Scientists have found a way to transform leftover human waste into bricks.
Sewer sludge is currently thoroughly treated and dried out, but the remainder of the ‘biosolid’ remains are unused and sent to landfill.
A novel method has now been developed which combines clay with faeces to create a unique form of building material.
Scientists created bricks with 25 per cent faeces and the rest traditional clay and found the block still managed to pass stringent strength tests.
They are also more porous and better insulators.
Mixing the biosolid material with clay for use in brick manufacture would cut down on the 30 per cent of sewage still sent to landfill or stored.
The procedure ‘is a practical and sustainable proposal for recycling all the leftover biosolids worldwide,’ the researchers from RMIT University in Australia write in their new paper, published in the journal Buildings.
‘Utilisation of only 15 per cent of biosolids in brick production would reduce the carbon footprint of brick manufacturing whilst satisfying all the environmental and engineering requirements for bricks.’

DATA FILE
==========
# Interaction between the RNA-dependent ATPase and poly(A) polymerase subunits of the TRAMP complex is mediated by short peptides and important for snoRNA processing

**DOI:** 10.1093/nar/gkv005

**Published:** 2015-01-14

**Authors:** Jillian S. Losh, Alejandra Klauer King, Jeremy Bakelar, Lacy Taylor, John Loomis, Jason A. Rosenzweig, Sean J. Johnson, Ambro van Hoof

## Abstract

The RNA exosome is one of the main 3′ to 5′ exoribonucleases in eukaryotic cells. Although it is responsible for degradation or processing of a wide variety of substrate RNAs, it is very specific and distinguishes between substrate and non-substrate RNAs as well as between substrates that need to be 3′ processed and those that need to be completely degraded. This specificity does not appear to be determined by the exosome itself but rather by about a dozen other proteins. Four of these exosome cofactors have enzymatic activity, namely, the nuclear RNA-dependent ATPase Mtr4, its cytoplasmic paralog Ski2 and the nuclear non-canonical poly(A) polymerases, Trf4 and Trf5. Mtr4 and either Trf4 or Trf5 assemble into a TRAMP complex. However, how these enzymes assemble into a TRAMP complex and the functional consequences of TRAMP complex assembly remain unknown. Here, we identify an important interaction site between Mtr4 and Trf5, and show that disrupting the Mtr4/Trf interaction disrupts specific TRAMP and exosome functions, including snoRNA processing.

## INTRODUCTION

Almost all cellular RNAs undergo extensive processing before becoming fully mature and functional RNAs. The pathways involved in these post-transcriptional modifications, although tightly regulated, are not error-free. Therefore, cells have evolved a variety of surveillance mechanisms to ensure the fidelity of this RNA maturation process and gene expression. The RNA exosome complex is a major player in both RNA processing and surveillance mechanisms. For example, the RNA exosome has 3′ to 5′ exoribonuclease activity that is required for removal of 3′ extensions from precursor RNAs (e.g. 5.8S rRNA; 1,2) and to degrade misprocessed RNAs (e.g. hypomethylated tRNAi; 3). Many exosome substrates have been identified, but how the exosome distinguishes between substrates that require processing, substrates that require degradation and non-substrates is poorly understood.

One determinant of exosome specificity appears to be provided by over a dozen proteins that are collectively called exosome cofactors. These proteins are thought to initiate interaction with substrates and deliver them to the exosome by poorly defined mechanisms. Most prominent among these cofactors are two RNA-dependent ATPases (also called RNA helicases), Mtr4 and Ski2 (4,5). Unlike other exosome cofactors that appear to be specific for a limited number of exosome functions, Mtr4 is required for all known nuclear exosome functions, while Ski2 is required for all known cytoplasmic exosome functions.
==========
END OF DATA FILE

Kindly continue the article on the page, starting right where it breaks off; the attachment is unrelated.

The bricks are less energy intensive to create as well as being able to stand up to the strictest building regulations.
This reduction in energy is better for carbon footprint as well as finances.
Regular bricks are made in kilns at temperatures above 2,500F and produce vast quantities of CO2.
‘Using biosolids in bricks could be the solution to these big environmental challenges,’ explains RMIT engineer Abbas Mohajerani, ScienceAlert reports.
‘It’s a practical and sustainable proposal for recycling the biosolids currently stockpiled or going to landfill around the globe.’
More research is needed before the bricks are thrown into production but early indications are promising.
Previous research has looked into similar avenues and found it is also possible to turn human urine into bricks.
Students in Cape Town collected the human waste from urinals in their university department and mixed it with sand and bacteria.
The process, known as microbial carbonate precipitation, allows the building materials to be created at room temperature, far more energy efficient that firing clay bricks.
The new method instead produces nitrogen and potassium which can be used as commercial fertilisers.
Urine is collected in novel fertiliser-producing urinals and used to make a solid industrial product, with the remaining liquid used to make the brick.
Bacteria in the form of urease breaks down the urea in the liquid urine while producing calcium carbonate through a chemical reaction.
That cements the sand into the desired shape, which could be a column as well as a rectangular building brick.